Monday is the first day back at school after March break and my grade 9 students are reading descriptive feedback on their memoirs or personal essays. I had commented on the story, the organization, the use of language, imagery, dialogue, and the craft of their writing. They read quietly, raised hands, asked questions, and there were short moments which made the many long one reading and writing comments feel, in part, worthwhile.
One student wrote a powerful memory of the first day of kindergarten. Weight and water imagery connected with fears and tears, but then there was the banana.
“was I the browning banana left in the lunchbag?”
I posted a comment on the Google document: “This imagery broke the trance for me. You had me feeling the tension until this image which created humour instead of sadness. Was that your intent?”
Another essay about returning to school after the pandemic.
“Everyone was unwilling to touch another person. My brain pictured everyone and everything like they were infected. The air felt thick, I imagined that skin cells and virus particles were contaminating the fresh, rainy air.“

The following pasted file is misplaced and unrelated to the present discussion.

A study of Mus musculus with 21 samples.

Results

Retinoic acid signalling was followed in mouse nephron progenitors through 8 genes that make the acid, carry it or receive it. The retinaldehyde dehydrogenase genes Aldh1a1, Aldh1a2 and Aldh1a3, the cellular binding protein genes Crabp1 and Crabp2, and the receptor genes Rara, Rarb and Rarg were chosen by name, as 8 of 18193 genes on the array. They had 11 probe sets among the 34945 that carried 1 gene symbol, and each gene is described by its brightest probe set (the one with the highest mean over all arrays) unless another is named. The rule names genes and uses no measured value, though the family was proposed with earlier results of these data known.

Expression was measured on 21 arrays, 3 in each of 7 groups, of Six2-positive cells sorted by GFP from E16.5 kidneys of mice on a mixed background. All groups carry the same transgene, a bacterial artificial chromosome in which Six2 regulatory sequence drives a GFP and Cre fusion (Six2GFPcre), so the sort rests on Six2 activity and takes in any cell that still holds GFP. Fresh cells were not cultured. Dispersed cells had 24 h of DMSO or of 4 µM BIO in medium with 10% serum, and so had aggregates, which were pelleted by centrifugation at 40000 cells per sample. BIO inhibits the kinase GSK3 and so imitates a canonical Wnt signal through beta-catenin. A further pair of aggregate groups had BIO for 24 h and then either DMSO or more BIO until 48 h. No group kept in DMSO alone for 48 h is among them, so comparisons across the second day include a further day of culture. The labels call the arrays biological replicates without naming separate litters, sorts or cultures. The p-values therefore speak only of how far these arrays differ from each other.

I was there in the moment, following the tension, but then there were the dog treats.
“We slowly shimmied into a tiny stairwell and we were made to wait until the morning bell rang, like dogs awaiting a treat.“
I posted a comment on the Google document: “does this image capture the tone you want to convey? When my dog wants a treat, he is beyond excited. Was this the mood you wanted to convey?”
We sat together looking at the writing and I suggested searching the document for the similes to examine the comparisons (she hit ctrl F, typed in “like”).
“Oh, wow. I didn’t even realize I was using that, but now I see the pattern and know exactly what to do.”
Giving useful feedback is complicated and it feels like a relationship.
Another student calls me over to ask why I posted a comment highlighting “my” as repetitive. I read it out loud without the repetition, then with the repetition.
“But, I like both. I like the repetition.”
I didn’t agree. It’s only style, I thought. And sometimes people in a relationship disagree.
In an article for Edutopia Joel Garza, among others, made a series of suggestions for positive feedback on student writing. In particular, I appreciate his decision to avoid the “I” statements and this young student’s response to my style comment reminds me that they are writing and finding their own style so “I”, the one with more power, should be silent in the relationship.
I move to my writing desk to make notes, realizing each interaction with a student is feedback for me.